Far Cry drops exotic location for more familiar locales
Throughout its history, the Far Cry series has allowed players to explore many different fictional regions based on real world locations- from the African savanna to the peaks of the Himalayas. The newest entry in the series, Far Cry 5, released on March 27, continues this trend, but it brings the locale a little closer to home.
Set in Hope County, a fictional region of Montana, the fifth entry in the long running series begins with the player character, a sheriff’s deputy, attempting to arrest the leader of a religious cult that has taken over large portions of the surrounding area. After the arrest fails, the player is thrown into the open world and is tasked with taking down the cult’s various leaders with the eventual goal of taking down “The Father,” the cult’s leader.
At its core, Far Cry 5 is very similar to its preceding games. Many of the mechanics will feel familiar to those who have played Far Cry 3 or 4, though there have been tweaks made to many of the returning mechanics. The basic gameplay, or the running, shooting, and driving that take up most of the player’s time, are nearly identical to the previous games. As the previous game’s mechanics were solid, this is to be expected.
Hunting, which served as a major part of the previous games’ progression, returns as well, though for a different purpose. Whereas it was previously done in order to gather exotic materials used to upgrade the player’s gear, it is instead done exclusively for profit, acting as the primary way of earning money.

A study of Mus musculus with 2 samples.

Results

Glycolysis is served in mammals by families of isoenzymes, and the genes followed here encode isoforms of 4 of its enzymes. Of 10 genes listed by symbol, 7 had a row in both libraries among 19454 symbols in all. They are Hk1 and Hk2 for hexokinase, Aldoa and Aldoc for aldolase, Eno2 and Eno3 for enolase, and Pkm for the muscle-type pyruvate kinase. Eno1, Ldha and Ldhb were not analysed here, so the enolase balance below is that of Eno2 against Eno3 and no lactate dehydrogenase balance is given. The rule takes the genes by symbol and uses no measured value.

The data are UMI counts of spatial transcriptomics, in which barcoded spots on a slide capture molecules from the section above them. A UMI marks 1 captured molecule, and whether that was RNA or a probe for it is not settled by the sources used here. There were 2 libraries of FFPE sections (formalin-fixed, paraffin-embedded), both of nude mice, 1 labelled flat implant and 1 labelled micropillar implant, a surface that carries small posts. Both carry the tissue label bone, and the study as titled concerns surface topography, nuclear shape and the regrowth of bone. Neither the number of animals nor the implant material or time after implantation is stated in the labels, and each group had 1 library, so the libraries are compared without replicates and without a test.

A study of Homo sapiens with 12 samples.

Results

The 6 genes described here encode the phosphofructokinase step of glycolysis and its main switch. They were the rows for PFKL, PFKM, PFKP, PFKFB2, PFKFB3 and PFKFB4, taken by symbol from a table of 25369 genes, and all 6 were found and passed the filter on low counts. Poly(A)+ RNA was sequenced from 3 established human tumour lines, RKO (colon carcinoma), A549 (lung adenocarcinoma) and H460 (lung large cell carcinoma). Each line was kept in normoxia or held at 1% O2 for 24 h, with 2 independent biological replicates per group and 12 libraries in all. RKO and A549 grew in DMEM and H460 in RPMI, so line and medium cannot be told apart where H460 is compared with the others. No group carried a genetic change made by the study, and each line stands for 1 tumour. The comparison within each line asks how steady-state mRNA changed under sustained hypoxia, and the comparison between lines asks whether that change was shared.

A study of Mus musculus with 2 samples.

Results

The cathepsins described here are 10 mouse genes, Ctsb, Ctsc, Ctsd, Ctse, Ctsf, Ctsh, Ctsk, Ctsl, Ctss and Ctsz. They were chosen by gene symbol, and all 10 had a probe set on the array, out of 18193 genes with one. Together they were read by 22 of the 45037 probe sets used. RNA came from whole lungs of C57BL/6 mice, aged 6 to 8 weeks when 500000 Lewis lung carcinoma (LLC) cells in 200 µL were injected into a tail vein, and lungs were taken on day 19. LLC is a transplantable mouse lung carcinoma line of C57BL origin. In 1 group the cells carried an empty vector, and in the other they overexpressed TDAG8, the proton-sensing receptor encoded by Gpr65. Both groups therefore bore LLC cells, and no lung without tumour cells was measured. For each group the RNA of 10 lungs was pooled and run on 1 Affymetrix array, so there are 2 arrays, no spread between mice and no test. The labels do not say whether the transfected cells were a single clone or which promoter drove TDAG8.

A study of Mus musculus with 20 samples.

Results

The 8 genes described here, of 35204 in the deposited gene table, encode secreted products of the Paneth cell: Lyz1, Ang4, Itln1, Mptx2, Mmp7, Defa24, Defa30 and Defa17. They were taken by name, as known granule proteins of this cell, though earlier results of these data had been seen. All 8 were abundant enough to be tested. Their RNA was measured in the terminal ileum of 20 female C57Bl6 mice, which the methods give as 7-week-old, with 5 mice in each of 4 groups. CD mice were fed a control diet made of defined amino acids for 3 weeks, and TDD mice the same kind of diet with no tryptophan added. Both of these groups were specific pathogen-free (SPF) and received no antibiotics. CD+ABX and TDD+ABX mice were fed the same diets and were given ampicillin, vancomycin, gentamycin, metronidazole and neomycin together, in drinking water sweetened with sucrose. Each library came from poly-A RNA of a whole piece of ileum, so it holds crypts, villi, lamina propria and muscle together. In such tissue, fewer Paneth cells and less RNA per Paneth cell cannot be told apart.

Instead, a new perk and challenge system has been introduced to replace the old hunting system. Instead of gathering materials for upgrades, the player is tasked with completing a variety of challenges, from killing a certain number of cultists with a specific weapon type, to driving for a specific amount of time in a certain kind of vehicle. These challenges grant perk points which can then be redeemed for upgrades from five different categories, each with a different focus. One, for example, might grant upgrades to the player’s guns, while the final category offers upgrades to the newly implemented roster system.
The roster allows the player to recruit various members of Hope County to fight alongside them. These members are split into two different types. The first type are fighters, or random non-player characters, (NPC’s,) that the player will run across when completing the side missions. Up to three of these characters can be recruited to the roster at a time.The second, specialists, are specific, named NPC’s that can be recruited by completing missions marked on the map. Whereas fighters are more standard, soldier type NPC’s, specialists offer more unique abilities. Nick Rye, for example, is a pilot who provides air support from a World War II era plane when called upon. In addition to the human specialists, there are several animal companions as well, including Cheeseburger the bear.
The new mechanics mesh well with those returning from the previous games, while creating a unique enough experience to refresh the series for longtime players. The game feels familiar, but not to the point where it’s like playing the same game over again. The story, probably the game’s weakest point, is also enough to serve as an excuse for the gameplay to exist, even if it is entirely unbelievable.
Overall, though the game is certainly nothing groundbreaking and the writing isn’t going to win any awards, the experience is enjoyable enough to keep you playing. Longtime fans of Far Cry will be pleased, while the new mechanics, such as the heightened co-op focus, may be enough to entice new players into picking up the series.